Dag Hammarskjöld’s maiden speech at the United Nations
This entry, drawn from Hammarskjöld: A Life, explores Hammarskjöld’s maiden speech before the UN General Assembly. The date was April 10, 1953. He had just pronounced the oath of office. He turned to the large audience. This was his moment.
Hammarskjold’s maiden speech must have elicited good listening from the representatives of the member nations and journalists who would relay his message and manner to a global public. Entrusted with the most influential post in the diplomatic world, he was all but unknown. He opened with plain words of acknowledgment—“With humility I accept an election expressing a confidence in me which I have still to justify”—and went on to evoke the values of loyalty, devotion, and integrity that he had encountered in the Swedish civil service and in post-war European councils, values closely echoing the oath of office. All of this made sense, it was wholly appropriate, but had not yet flared into a striking statement. That came quickly:
Ours is a work of reconciliation and realistic construction. This work must be based on respect for the laws by which human civilization has been built. It likewise requires a strict observance of the rules and principles laid down in the Charter of this Organization. My work shall be guided by this knowledge. (Public Papers 2, 31 ff.)
It is a sequence of declarations, set side by side as if by a mason. The UN enterprise is “a work,” the sober term summoning a sense of dedication and due procedure. It is a search for reconciliation; it must be constructive and realistic in its aims and means; it must respect the Charter, which Hammarskjöld would have been reading in depth since his nomination; and it must acknowledge the guidance of “the laws by which human civilization has been built.” This last, pure Hammarskjöld, greatly widens the context and points in several directions. It surely refers to the importance he gave to the rule of law—to the existence and application of respected legal codes and to the promise, sparsely realized then or now, of a robust body of international law. But his compact words point elsewhere, as well. He asks his listeners to remember the long narrative of human successes and failures, and to draw lessons for the present. He asks for active memory—and as we’ll see in a moment, returns to that theme as he closes. It may be that there is one further element here, unstated but implied: his respect for Henri Bergson’s concept of “creative evolution,” a cautiously optimistic view of positive forces at work in nature and history which can be temporarily deflected or defeated but have a way of persisting.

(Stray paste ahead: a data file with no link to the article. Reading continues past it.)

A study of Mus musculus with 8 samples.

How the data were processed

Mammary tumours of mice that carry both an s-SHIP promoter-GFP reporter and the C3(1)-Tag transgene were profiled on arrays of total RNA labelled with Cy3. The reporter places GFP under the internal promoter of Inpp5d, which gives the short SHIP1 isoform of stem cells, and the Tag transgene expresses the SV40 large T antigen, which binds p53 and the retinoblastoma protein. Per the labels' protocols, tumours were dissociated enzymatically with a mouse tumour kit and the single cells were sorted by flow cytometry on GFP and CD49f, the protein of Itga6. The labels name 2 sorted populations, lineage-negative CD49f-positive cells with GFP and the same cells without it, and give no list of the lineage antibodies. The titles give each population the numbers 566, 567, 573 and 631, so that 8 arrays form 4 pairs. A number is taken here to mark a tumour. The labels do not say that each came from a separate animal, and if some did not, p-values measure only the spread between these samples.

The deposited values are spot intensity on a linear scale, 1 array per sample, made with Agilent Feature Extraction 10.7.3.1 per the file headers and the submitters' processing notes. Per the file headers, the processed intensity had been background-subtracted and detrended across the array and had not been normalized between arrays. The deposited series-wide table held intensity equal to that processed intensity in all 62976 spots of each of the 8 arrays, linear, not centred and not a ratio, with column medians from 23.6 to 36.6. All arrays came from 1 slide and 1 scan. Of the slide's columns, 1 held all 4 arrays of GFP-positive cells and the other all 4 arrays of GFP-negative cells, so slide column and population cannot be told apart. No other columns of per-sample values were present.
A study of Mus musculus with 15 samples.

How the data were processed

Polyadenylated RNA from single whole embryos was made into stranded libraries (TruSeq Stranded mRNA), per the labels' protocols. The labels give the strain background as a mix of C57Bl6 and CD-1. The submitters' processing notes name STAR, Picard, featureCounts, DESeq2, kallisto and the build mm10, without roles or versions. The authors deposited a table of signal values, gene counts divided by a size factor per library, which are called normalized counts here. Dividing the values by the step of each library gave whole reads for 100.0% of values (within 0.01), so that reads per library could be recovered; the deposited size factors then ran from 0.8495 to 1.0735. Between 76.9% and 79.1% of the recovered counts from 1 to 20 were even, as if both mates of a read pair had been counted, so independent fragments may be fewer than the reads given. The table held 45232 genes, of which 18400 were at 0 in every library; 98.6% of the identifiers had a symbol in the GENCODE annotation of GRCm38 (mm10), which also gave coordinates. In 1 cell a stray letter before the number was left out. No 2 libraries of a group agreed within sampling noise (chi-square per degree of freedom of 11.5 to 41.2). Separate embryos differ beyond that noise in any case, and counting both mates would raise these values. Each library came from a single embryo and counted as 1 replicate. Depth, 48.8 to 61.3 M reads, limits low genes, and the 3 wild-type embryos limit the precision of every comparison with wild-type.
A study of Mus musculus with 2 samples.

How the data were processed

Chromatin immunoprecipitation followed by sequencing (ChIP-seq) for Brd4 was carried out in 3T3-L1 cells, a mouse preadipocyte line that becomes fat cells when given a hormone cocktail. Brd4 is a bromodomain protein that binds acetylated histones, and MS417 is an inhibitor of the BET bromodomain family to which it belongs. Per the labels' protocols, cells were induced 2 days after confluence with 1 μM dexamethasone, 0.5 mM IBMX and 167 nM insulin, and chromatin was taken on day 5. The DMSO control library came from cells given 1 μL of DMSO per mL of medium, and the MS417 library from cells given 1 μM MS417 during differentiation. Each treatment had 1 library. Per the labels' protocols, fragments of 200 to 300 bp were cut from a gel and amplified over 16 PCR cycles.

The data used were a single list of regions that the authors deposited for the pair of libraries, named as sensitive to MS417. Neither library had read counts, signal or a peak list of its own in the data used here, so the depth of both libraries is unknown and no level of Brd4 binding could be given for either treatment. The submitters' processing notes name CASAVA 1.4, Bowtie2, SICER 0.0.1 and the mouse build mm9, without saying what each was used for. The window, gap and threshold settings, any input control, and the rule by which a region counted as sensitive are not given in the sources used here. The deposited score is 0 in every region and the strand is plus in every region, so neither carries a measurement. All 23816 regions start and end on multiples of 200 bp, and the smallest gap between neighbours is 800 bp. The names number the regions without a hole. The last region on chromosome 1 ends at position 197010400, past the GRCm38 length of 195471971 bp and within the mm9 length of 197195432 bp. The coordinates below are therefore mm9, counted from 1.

In what was undoubtedly a graceful gesture toward the American host of the United Nations, Hammarskjöld now chose to quote from the Gettysburg Address the powerful passage where Lincoln calls on “the living” to be “dedicated here to the unfinished work” begun by the sacrifices of those who had recently fought and died for freedom. Hammarskjöld had in mind World War II, out of which the United Nations had arisen. There is “a great task remaining to us,” Lincoln had said, and Hammarskjöld now echoed.
Having brought to mind one of the greatest wartime speeches, with its suffering ideals and call to duty, Hammarskjöld turned at the end toward another memory. Easter had been celebrated that year on April 5th, less than week earlier.
In concluding, may I remind you of the great memory just celebrated by the Christian world? May I do so because of what that memory tells us of the redeeming power of true dedication to peace and goodwill towards men? We are of different creeds and convictions. Events and ideas which to some of us remain the very basis of our faith are elements of the spiritual heritage of man which are foreign to others. But common to us all and above all other convictions stands the truth once expressed by a Swedish poet when he said that the greatest prayer of man does not ask for victory but for peace.
Calling the member nations to a renewed sense of purpose, he again calls them to memory. Remembering is surely one of the deepest and most characteristic of human acts. Events or persons vividly remembered confirm identity, unite us with those who have come before, and continue to radiate wisdom or warning. Hammarskjöld himself had formidable powers of memory. Memory created within him a kind of internal atmosphere; there are unmistakable signs that this was so. He knew when he was pioneering, when there was no precedent, but knew also how to draw on the past for courage, guidance, and a sense of large belonging. Later in 1953, Hammarskjöld would return to the topic of memory and somewhat rebalance it: "The intensity of a man’s faith in life," he said in a public talk in October, "may be gauged by his readiness to say yes to the past and yes to the future, to recognize the good he has inherited while being ready to accept change".